The Current State of Seminary Education in the United States
A deep dive into data from The Association of Theological Schools
I didn’t go to seminary. I went to graduate school. I *almost* went to seminary, though. And just a few months ago I got invited to be on a panel at Wake Forest University‘s School of Divinity. I realized something very important during that visit - divinity schools are a completely different thing compared to graduate programs in something like political science.
For instance, they had an alumni reception and dozens and dozens of former students actually showed up! That would never ever happen if, let’s say, Michigan State’s graduate program in political science had a reception on campus. One big reason? Almost all the graduates have moved away from the East Lansing area. Every once in a while, some SIU grads will get together at the Midwest Political Science Conference for dinner, but that’s about as far as it goes. Divinity schools have a stronger sense of community than I am accustomed to.
Another thing that I find really interesting about divinity schools is what happens when a new dean takes over. I saw tons of pictures of Edward Aponte’s installation service at Drew Theological School. Dozens of alumni came back and joined the ceremony with full regalia. It was a big event that was live streamed. I didn’t even know who our dean was when I was in graduate school. There was no installation service. The new dean just showed up in June and moved into their office with no fanfare.
(These are the kind of things I notice as a social scientist, by the way. And, yes, it does annoy my wife that I have to point all this out. But I am always looking for little cultural differences.)
But beyond all of that cultural stuff, I think that seminaries are just an incredibly important part of the religious economy. In many ways they are the canary in the coal mine for the health of American religion. If a tradition is training up a bunch of seminarians, one has to assume that it’s because there is demand there. If their enrollments are declining, that’s because things aren’t going well in the denomination.
Well, I have some data about seminary enrollment. It comes from the Association of Theological Schools (ATS), which was founded in 1918 and lists 273 member schools. They put together a really comprehensive report about the enrollment, faculty, cost, and other factors from all their members and publish it each year. It’s a treasure trove of information, which is formatted as a PDF (which is super annoying from a data analysis perspective).
I am going to just give you my first cut at this data in this post. There are tons of other areas to explore in future posts if this one gets some good feedback. The one metric I am going to use in this post is: head count, full time equivalent. This means that only full-time students get counted as one, part-time students count fractionally.1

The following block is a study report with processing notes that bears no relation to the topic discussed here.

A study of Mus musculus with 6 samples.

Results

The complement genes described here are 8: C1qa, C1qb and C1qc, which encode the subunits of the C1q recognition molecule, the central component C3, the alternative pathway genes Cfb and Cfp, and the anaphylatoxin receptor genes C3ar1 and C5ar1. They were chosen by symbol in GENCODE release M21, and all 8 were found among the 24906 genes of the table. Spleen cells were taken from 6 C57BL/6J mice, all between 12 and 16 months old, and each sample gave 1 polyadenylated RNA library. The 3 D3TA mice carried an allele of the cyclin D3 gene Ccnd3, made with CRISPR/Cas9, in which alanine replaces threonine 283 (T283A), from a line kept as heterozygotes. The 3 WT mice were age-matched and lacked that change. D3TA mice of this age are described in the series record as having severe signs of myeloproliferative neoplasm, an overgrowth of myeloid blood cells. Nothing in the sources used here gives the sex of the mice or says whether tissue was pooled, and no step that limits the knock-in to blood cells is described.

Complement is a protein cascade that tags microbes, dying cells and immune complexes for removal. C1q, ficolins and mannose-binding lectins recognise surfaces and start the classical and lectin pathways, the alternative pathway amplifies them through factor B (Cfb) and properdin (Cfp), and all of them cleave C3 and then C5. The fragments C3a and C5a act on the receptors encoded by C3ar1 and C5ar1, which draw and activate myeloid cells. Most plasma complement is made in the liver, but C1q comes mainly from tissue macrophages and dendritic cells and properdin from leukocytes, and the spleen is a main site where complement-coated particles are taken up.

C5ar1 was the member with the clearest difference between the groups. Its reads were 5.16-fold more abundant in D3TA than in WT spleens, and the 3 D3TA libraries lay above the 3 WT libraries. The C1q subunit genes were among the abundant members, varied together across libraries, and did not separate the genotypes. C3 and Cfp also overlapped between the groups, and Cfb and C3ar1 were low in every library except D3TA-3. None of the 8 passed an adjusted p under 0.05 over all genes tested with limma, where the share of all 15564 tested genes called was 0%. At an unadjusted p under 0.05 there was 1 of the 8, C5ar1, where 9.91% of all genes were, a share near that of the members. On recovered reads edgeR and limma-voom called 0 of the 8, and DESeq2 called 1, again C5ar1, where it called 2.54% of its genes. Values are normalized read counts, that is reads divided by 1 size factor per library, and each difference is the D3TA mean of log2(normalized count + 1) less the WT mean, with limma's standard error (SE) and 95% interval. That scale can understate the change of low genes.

Here are the twenty-five largest seminaries that have membership in ATS in data collected in 2022-2023. Note first that Liberty is just a behemoth, with a total enrollment of over 3,500 students. In fact, Liberty’s enrollment is more than the #2 (SBTS) and #3 (MBTS) seminaries combined. It’s just that big. But the vast majority of Liberty’s students attend virtually. This press release from October 2022 reports a total enrollment of 130,000 students (graduate and undergraduate). Less than 16,000 are on campus.
But there are a lot of Southern Baptist schools in the top ten! The aforementioned SBTS, MBTS, but also Southwestern and Southeastern, New Orleans and Gateway. That’s all six of the Southern Baptist’s seminaries in United States in the top ten.
In total, eight seminaries have a total FTE enrollment of at least one thousand. Nine more have FTE enrollment of between 500 and 1000. But notice how I’ve categorized this list. There are just one school that could be classified as mainline (Duke), the other twenty-four are more in the evangelical tradition of American Christianity.
Let’s take a look at which denominations have the largest seminary enrollments now. ATS does all the classification on their end for this, by the way. So, I can’t offer any insight into why a certain seminary is put into one bucket and not the other.
Interdenominational seminaries are clearly doing the best with nearly 11,000 students enrolled. ATS lists 48 seminaries in this category. The largest is Asbury at 1,156 FTE followed by Fuller at 1,047. Also in this category is Regent, Gordon-Conwell, Westminster, and Talbot.
The Southern Baptists are in second position, as previously mentioned, they have six of the largest seminaries in the data. Roman Catholics are third with a total of 4,704 seminarians. I just have to point out how interesting it is that there are over 60 million Catholics in the United States and there are about 13 million Southern Baptists. Yet, there are 7,400 SBC seminarians and just 4,700 Catholic priests in training.
Here’s something that I want to make exceedingly clear - there is very strong evidence here of the deterioration of mainline Protestant Christianity. I’ve written about denominational decline before, but this is another way to get to illustrate that point.